Published 2 April 2011
The Business Times
By Kalpana Rashiwala
Govt cooling measures working, say analysts, as URA index climbs 2.1% in Q1 while HDB resale prices see slowest rise in 7 quarters
IN a sign that the property cooling measures are taking effect, Urban Redevelopment Authority’s overall private residential price index posted a 2.1 per cent quarter-on-quarter increase in Q1, compared with a q-on-q increase of 2.7 per cent in Q4 last year, latest government flash estimates show.
Similarly, the Housing & Development Board’s resale flat price index registered a 1.6 per cent q-on-q gain in the first quarter, the slowest increase in seven quarters.
URA’s sub-index for prices of non-landed private homes posted a q-on-q gain in Q1 2011 of 0.9 per cent for Core Central Region (which includes the prime districts 9, 10 and 11, as well as the financial district and Sentosa Cove) – a smaller hike than the 2.2 per cent q-on-q rise for Q4 2010.
However, the index for Rest of Central Region (which covers places like Bukit Merah, Queenstown, Geylang, Toa Payoh and Katong) increased 2.2 per cent in Q1 over the preceding quarter – a bigger gain than the 1.9 per cent q-on-q gain in Q4 2010. The index for Outside Central Region (covering suburban mass-market locations like Woodlands, Clementi, Jurong, Hougang, Tampines and Bedok) posted a 3.1 per cent q-on-q rise in the first three months of 2011, after rising 2.1 per cent q-on-q in Q4 2010.
Credo Real Estate executive director Ong Teck Hui said: ‘The cooling measures did not affect genuine home buyers as much as they did investors and speculators. And demand for OCR is sustained by genuine buyers.’ Some market watchers suggest there may be some diversion of investment demand from high-end property to lower-priced segments as the cooling measures stretched budgets.
However, some analysts point out that the rate of q-on-q price increases for OCR had moderated in Q3 and Q4 last year before rising again in Q1. And the Q1 flash estimate for the region reflected a year-on-year appreciation of 13.6 per cent; this figure has been easing since peaking at 36.1 per cent in Q2 last year.
CB Richard Ellis executive director Li Hiaw Ho attributes the 3.1 per cent rise in the Q1 flash estimate for OCR to projects like Waterfront Isle along Bedok Reservoir, The Lakefront Residences near Jurong Lake, and The Tennery in Bukit Panjang which registered strong take-up at median prices (in the first two months of this year) of about $990 psf, $1,050 psf and $1,200 psf respectively. ‘These projects attracted home buyers mainly because of their proximity to an MRT station,’ Mr Li said.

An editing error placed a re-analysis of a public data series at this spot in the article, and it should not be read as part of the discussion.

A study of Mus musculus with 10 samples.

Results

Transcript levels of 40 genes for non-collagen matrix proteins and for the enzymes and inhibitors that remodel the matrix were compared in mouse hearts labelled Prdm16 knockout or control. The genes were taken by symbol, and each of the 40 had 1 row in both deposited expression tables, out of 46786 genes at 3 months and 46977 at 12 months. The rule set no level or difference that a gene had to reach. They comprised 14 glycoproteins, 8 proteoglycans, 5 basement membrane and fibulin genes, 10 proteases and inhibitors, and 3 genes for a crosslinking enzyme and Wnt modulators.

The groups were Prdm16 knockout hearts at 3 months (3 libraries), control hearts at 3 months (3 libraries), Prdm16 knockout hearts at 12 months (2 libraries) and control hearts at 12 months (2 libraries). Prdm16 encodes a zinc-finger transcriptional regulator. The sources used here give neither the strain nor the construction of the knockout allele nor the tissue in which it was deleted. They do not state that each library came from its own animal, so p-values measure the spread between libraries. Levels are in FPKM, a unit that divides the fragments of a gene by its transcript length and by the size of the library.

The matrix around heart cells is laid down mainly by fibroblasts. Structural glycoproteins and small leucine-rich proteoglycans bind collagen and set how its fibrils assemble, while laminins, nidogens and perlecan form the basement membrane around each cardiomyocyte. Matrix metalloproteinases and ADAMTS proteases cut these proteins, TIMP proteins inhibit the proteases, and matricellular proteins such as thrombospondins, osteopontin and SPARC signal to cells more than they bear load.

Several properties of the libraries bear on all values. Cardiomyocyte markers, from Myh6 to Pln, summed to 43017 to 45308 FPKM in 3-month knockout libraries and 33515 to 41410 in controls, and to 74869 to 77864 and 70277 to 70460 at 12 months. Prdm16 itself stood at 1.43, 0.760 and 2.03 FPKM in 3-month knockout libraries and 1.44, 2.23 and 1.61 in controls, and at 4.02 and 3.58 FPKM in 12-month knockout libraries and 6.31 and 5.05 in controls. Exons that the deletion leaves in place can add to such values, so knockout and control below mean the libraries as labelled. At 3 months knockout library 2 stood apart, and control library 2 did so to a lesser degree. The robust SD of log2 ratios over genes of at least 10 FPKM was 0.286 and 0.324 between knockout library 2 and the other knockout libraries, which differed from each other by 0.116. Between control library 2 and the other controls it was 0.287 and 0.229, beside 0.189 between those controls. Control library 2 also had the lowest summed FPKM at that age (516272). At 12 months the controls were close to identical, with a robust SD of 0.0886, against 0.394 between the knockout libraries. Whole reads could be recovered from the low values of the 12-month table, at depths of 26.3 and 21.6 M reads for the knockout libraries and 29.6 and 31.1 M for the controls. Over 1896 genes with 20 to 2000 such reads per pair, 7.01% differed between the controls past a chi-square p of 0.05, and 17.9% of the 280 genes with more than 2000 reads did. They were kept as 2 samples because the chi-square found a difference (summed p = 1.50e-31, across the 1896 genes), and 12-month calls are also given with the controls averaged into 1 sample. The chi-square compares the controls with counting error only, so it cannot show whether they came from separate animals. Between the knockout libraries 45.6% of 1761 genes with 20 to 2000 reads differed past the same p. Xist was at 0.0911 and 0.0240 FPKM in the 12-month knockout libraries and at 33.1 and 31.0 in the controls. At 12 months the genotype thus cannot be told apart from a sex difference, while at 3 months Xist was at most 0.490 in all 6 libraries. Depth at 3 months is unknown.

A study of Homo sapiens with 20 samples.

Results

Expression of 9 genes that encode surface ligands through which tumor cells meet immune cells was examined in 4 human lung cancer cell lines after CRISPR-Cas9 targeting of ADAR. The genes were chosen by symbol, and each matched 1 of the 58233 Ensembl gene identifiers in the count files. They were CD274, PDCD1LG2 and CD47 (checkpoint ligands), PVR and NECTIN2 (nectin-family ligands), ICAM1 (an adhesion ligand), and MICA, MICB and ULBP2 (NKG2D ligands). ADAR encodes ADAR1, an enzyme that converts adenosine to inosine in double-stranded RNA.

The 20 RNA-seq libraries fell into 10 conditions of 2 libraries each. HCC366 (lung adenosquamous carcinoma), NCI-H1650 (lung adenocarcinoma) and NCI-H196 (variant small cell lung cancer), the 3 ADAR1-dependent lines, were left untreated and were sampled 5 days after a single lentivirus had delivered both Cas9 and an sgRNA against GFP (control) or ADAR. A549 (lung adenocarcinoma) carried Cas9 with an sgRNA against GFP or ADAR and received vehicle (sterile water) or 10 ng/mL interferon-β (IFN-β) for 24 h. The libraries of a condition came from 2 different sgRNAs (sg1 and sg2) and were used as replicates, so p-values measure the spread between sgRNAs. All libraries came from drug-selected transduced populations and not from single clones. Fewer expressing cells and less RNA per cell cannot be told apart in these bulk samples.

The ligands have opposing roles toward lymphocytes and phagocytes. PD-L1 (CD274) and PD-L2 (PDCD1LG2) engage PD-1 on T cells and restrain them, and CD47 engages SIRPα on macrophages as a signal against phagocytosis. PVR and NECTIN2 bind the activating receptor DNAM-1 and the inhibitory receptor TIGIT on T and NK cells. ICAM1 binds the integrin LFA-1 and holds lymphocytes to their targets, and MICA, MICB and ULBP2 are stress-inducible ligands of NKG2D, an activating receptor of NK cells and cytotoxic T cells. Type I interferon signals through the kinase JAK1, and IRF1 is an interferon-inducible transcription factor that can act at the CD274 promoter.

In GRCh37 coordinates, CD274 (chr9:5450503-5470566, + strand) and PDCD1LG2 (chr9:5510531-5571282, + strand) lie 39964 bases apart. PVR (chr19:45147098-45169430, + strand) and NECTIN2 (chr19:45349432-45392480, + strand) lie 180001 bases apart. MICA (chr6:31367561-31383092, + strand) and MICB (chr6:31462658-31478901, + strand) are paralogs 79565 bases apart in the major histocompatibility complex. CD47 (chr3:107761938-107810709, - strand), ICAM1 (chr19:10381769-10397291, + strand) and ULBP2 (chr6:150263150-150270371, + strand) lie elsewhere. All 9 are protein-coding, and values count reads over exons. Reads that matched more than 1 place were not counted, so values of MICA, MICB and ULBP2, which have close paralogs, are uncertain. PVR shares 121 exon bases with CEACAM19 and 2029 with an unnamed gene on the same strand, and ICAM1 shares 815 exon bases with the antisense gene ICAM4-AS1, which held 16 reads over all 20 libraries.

He attributes the 2.2 per cent appreciation in the RCR’s price index to Spottiswoode 18 and The Cape – both transacting at a median price of about $2,000 psf – as well as projects with small-format units like Palmera East ($1,225 psf).
URA said that as at end-2010, there were about 33,000 yet-to-be-sold private homes in uncompleted projects with planning approval – of which 40 per cent is in OCR. In addition, there were 1,500 executive condominium units (a hybrid of public and private housing) that were still unsold.
The above supply figures do not take into account new sites that were recently sold (which can generate about 8,100 units) or which will be made available for development through the confirmed list of the Government Land Sales (GLS) Programme in H1 2011 (which can generate about 5,360 units). Additional supply may also come from private land sources, such as en bloc sales.
Nomura Singapore analyst Sai Min Chow said: ‘The combination of more completions (tempering rental expectation), government measures that cap home buying capability, and supply that could be launched from sites (both GLS and en-bloc) sold will continue to weigh on home prices. We expect this to translate into a flattish outlook for mass prices and up to 8 per cent correction for luxury prices this year.
Colliers International, however, predicts that overall private home prices will rise by up to 8 per cent for the whole of this year.
Knight Frank chairman Tan Tiong Cheng said: ‘Certainly the cooling measures are working. If developers’ sales continue to come off, prices may ease. But any price drop may be mitigated in a scenario of rising construction costs amid the increase in oil prices and expected reconstruction efforts in Japan.
‘Interest rates are likely to remain low for the foreseeable future and the fact that HDB resale prices are still strong will continue to create a push for upgrading to the private market.’
HDB yesterday said it will launch about 17,800 build-to-order flats in the first nine months of this year – close to the 17,700 new flats offered for the whole of 2010.
ERA Realty Network and Propnex said cash-over-valuation amounts have stabilised at about $20,000 in Q1 based on transactions handled by their firms.
ERA’s key executive officer Eugene Lim said: ‘We estimate the total HDB resale volume for Q1 to be just below 7,000 deals.’ The figure for Q4 was 6,454.
For the whole of 2011, he predicts HDB’s resale price index to increase about 6-9 per cent with total resale applications of about 28,000-30,000. The index rose 14.1 per cent last year, when there were 32,257 resale applications.
PropNex CEO Mohamed Ismail predicts a 6-8 per cent hike in HDB’s resale price index this year.